Hike Mt Waterman & Twin Peaks
|In This Guide|
|Distance||11.5 miles (18.5 km)|
|Other Options||5.5 miles (1700 ft climbing)|
|Hike Time||6-7 Hours (Total)|
|Total Ascent (?)||3,700 feet (1128m)|
|Highest Elevation||8,038 feet (2450m)|
|Fees & Permits||Parking Fee|
|Park Website||Angeles National Forest|
|Stay In Touch||Newsletter - Instagram - YouTube - Facebook|
A hike to Mt Waterman and the Twin Peaks offers rugged and remote beauty, well-groomed trails, panoramic views of the major summits in Angeles National Forest, and an absence of major crowds. This guide shows you how to do the popular 11.5 mile “reverse lollipop” route to Twin Peaks and then back over Mt Waterman, but you can also just do a shorter 5.5 mile hike to Mt Waterman and get a taste of the beauty of the area. If you have the time, I highly recommend the longer hike. It’s a bit of a workout with a lot of up-and-down, but the summit of Twin Peak East is a great one.
Getting to the Mt Waterman & Twin Peaks Trailhead
The good news is that the trailhead is in the middle of nowhere and doesn’t fill up too often. The bad news is that the trailhead is in the middle of nowhere and you have to get there. More precisely, the trailhead is the Buckhorn Day Use Area, which is just about in the middle of Angeles National Forest on the Angeles Crest Highway. Make sure you have a full tank of gas!
Use this trailhead address:
Buckhorn Station Day Use Area, Angeles Crest Highway, Pearblossom, CA 93553
You need a National Parks Pass or Adventure Pass to park in the lot.
Gear For the Hike
This is a tough hike and I’ll use all my normal hiking gear. I usually bring 3L of water and a decent amount of snacks. Trekking poles will help on the steep climb and descent of Twin Peak East. In the winter, expect snowy and icy conditions and plan accordingly.
You can also camp on the summit of Twin Peak East if you want to split this up over a couple of days.
I try a lot of hiking boots and shoes, and there are some great options out there, but the La Sportiva Spire is the best combination of comfort, protection, low-weight, and durability. They are waterproof, and the high cuff keeps debris out without the need for a gaiter. Time tested over thousands of miles. Use them with a two-layer sock system to end blisters for good.
Reviews & Lowest Prices: Women – Men
On a medium or longer hike I recommend a pack like the Osprey Talon 33 (men) or Osprey Sirrus 36 (women) which is a little bit larger. These packs are on the upper end of the (35L) daypack range, but they only weigh a small fraction more than a pack with less capacity. Having the extra space gives you more flexibility and means you don’t have to jam things in there. I use the space for things like extra layers in the winter, extra water on desert hikes, and even a tent & sleeping bag on overnights.
If you’re not familiar with the Garmin InReach technology, it allows you to send and receive text messages where you don’t have cell phone signals. You can also get weather reports and trigger an SOS to emergency responders. Even if you don’t have an emergency, sending a quick message telling a loved one that you’re okay or are running late is well worth the cost. The Mini fits in your palm and weighs next to nothing. Read my review and see the lowest prices and reviews at REI.
I’m a big fan of GPS watches (which I also use as a sleep, wellness, and fitness tracker) and my current watch is the Fenix 6 Pro Solar. I load my GPX tracks onto the watch to make sure I’m in the right place, and if not, the onboard topo maps allow me to navigate on the fly. It’s pricey but it has a great battery, accurate GPS, and tons of functionality. If you want something similar without the maps and big price tag, check out the Garmin Instinct which is a great buy and does a lot of the same things.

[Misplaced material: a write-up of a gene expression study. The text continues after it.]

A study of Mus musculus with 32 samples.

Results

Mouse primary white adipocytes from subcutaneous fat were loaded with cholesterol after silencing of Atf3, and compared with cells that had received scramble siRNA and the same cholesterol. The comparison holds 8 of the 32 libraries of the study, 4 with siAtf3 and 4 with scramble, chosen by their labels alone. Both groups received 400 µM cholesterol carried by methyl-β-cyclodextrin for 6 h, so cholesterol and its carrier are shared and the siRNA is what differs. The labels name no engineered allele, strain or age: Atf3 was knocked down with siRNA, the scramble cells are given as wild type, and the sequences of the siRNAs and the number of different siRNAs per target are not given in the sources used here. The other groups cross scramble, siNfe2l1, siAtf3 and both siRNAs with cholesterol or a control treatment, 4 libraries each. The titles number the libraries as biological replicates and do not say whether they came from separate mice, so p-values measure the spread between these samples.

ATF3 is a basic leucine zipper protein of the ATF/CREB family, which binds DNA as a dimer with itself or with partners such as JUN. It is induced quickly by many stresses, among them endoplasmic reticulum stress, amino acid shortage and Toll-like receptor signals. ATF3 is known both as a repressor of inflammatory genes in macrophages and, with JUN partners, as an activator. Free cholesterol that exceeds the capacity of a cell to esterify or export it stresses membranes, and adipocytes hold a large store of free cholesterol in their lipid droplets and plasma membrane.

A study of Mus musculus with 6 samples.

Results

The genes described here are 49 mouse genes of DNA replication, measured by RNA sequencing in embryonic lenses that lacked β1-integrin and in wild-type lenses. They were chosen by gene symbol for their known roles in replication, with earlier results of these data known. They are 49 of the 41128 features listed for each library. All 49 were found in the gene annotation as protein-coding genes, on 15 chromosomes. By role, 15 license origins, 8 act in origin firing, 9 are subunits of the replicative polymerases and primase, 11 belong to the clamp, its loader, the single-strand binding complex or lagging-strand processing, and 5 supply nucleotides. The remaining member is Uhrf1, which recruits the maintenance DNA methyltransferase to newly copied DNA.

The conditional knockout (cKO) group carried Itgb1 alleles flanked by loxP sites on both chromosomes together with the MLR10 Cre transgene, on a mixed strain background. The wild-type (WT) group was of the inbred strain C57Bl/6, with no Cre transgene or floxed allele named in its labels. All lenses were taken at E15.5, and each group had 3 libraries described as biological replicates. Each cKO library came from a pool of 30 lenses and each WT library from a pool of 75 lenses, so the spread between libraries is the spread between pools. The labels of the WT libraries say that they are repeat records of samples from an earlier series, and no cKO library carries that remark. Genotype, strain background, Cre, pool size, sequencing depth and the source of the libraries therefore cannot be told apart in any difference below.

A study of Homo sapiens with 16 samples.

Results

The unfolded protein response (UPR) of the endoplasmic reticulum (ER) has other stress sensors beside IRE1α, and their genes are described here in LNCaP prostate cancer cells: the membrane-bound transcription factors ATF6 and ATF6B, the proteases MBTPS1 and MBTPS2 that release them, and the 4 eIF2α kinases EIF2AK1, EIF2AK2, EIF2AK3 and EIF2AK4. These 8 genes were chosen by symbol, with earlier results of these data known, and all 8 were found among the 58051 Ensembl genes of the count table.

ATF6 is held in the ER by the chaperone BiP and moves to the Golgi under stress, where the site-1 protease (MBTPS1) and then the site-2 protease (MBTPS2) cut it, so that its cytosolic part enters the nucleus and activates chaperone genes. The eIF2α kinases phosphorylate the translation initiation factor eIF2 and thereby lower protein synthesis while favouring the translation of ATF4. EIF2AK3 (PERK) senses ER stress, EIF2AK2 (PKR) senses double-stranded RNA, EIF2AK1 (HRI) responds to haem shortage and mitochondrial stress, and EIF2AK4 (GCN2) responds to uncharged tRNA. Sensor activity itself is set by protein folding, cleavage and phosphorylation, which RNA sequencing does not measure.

Here’s my complete gear list that I personally use, have tested, and recommend.See All of My Best Gear Picks Here
No company pays me to promote or push a product, all the gear you see here is gear I use and recommend. If you click an a link and buy gear, I get a small commission that helps offset website expenses. There is no cost to you.
Mt Waterman & Twin Peaks Trail Maps
There are two “Mt Waterman Trails.” This guide starts from Buckhorn Day Use Area on Waterman Trail #10W05, also known as Mt Waterman Trail #2. It then continues on a stretch of Waterman Trail #10W04, also known as Mt Waterman Trail #1. It can get confusing but the turn-by-turn directions below will point you in the right way. Just a heads up if you’re referring to other maps.
Note that some sections of my GPX don’t match the (incorrect) OSM trails.
Hike Mt Waterman & Twin Peaks Map Downloads
Download the Hike GPX File
View a Printable PDF Hike Map
Mt Waterman & Twin Peaks Hike Directions
Turn by Turn Directions
If you want to do the shorter 5.5 mile hike to Mt Waterman, skipping Twin Peaks, make the right here and pick up the directions from this intersection several steps below.
For me, this hike is enough on it’s own, but if you feel inspired, there are some other options from the summit.
- You can take the small use-trail over to Twin Peaks West. There is a class 3 boulder climb to get to the “summit summit” but you can pretty easily walk to the summit area.
- To the east of the summit, up and down several ridges and class 3 climbs, is the “least accessible peak in the San Gabriel mountains,” Triplet Rock. Not something you just decide to do.
If you took the 5.5 mile route to Mt Waterman, pick up the directions below.
If you want to do the popular loop, follow the directions below. You can also make the right at this junction and head back to the last junction, and then back down Mt Waterman Trail #2 to Buckhorn. I think it’s a more scenic option, but it’s not the loop. Again, the directions below are for the loop.
Did something change on this hike? If so, please contact me and let me know. I'll update the guide.